USS Bowfin (SS-287)
Information about the sub
A submarine must operate below the surface a great part of the time while in enemy-controlled waters. She is therefore denied the opportunity to establish her position by means of sights of the sun; and weather conditions often make it impossible to obtain sights of the stars when surfaced at night. Accurate knowledge of her position is vital to the submarine, not only to enable her to avoid the ordinary hazards of navigation, but to assist in her primary mission of locating and destroying the enemy. In order to know her position with accuracy, the submarine must have a means of determining her own speed.

The submarine underwater log system is a device for indicating, in knots, the speed of the ship as it travels through the water, and for recording in nautical miles the distance traveled. The principal components of the system are located in the forward torpedo room, below the light draft water line of the ship.




The rodmeter, commonly called the sword, is located in the forward torpedo room below the light draft water line. It projects through the hull of the ship, into the water, and is the unit in which static and dynamic pressures are produced and transmitted to the other units of the system. When in use, the rodmeter extends into the water for a distance of about 3 feet. Being located in the forward part of the ship, the rodmeter contacts water that is least affected by the movement of the ship or by the turbulence of the water created by the action of the propellers.

The sea valve forms a support for the rodmeter and provides a means of closing the opening through which the rodmeter passes when the rodmeter is withdrawn, or fully housed. It is located in a well below the deck in the forward torpedo room, and is bolted to the inner hull below the light draft water line. A tube extends from the underside of the inner hull to the outer hull where it is welded to a flange and guide bushing. The guide bushing forms the lower support for the rodmeter. When the rodmeter is withdrawn, closing of the sea valve prevents sea water from flooding the forward torpedo room.

The control unit is mounted in the forward torpedo room and is suspended on a gimbal bracket which tends to keep the unit in an upright position regardless of the pitching or rolling of the ship. This unit provides a means of automatically controlling the operation of the rotary distance transmitter. It consists of a sensitive bellows enclosed in a watertight housing, and a set of electrical contacts. The inside of the bellows is hydraulically connected to the pump of the rotary distance transmitter, while the outside of the bellows is connected to the static orifice of the rodmeter. The electrical contacts control the supply of current to the rotary distance transmitter pump drive motor.

The rotary distance transmitter is located in the forward torpedo room, below the light draft water line. It is the unit that develops the force applied to equalize the dynamic pressure produced within the rodmeter. It consists of an electrically driven transtat assembly, an electric motor which drives a centrifugal-type pump, and a distance transmitting unit. By means of these components, rotary motion is transmitted to the master speed indicator, and to the speed and distance indicator.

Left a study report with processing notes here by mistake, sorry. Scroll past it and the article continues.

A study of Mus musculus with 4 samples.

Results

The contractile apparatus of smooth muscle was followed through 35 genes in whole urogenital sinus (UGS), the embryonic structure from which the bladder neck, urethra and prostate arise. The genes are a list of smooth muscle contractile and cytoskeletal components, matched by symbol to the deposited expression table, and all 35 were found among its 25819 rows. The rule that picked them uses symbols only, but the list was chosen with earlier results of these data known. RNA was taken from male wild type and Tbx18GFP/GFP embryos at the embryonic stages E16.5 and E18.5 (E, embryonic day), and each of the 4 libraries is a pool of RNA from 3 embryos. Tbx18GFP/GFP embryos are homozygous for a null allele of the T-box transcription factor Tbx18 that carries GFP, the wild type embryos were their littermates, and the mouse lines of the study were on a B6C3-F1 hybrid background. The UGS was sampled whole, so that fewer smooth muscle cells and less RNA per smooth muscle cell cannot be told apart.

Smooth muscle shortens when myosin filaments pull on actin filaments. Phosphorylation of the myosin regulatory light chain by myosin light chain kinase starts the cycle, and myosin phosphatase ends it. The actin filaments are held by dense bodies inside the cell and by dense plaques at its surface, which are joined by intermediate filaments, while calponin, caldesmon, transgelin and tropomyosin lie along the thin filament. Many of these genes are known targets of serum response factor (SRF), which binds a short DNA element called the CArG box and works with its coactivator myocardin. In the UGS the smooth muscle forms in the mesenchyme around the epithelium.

The master speed indicator is mounted on a panel near the control room steering station. Revolutions, the number of which are proportional to the distance traveled, are received by this unit from one of the self-synchronous transmitters in the rotary distance transmitter. These revolutions are registered on a counter and, by means of a time element, are converted into a speed indication in knots. This indication is transmitted to the speed and distance indicator.

The speed and distance indicator, commonly called the repeater, is mounted in the conning tower. It repeats the speed and distance readings of the master speed indicator.

Some installations of the Pitometer underwater log system include another unit known as the constant frequency supply unit. This unit is designed to supply a constant 60-cycle current at 115 volts to the system.


Manufacturer

The Pitometer underwater log, rotary balance type, was made by the Pitometer Log Corporation, New York, New York. This system consisted of five major components, as shown above. Each instrument was watertight, and was designed for either panel or bulkhead mounting.

Principle

The underwater log system operates on the principle of hydraulic pressure actuating electrical and mechanical units. These units are so calibrated that hydraulic pressure is translated into terms of speed and distance. The hydraulic pressure acts through the rodmeter. This part of the underwater log system extends through the hull of the ship into the water. There are two passages in the rodmeter. When the ship is at rest, the hydraulic pressure is equal in both passages, and is due only to the weight of the water above the system. This pressure is known as static pressure. As the ship moves forward, the movement creates additional pressure in the forward passage of the rodmeter. This added pressure is known as dynamic pressure, and is the actuating force which operates the system.

The dynamic pressure developed in the forward passage in the rodmeter can be determined by creating a force of known value and using it to equalize the dynamic pressure. The amount of force required to equalize the dynamic pressure is converted into units of speed. These units are registered on indicators calibrated to read in knots, and in distance traveled.



















This is the pit sword installed aboard USS Bowfin in the forward torpedo room.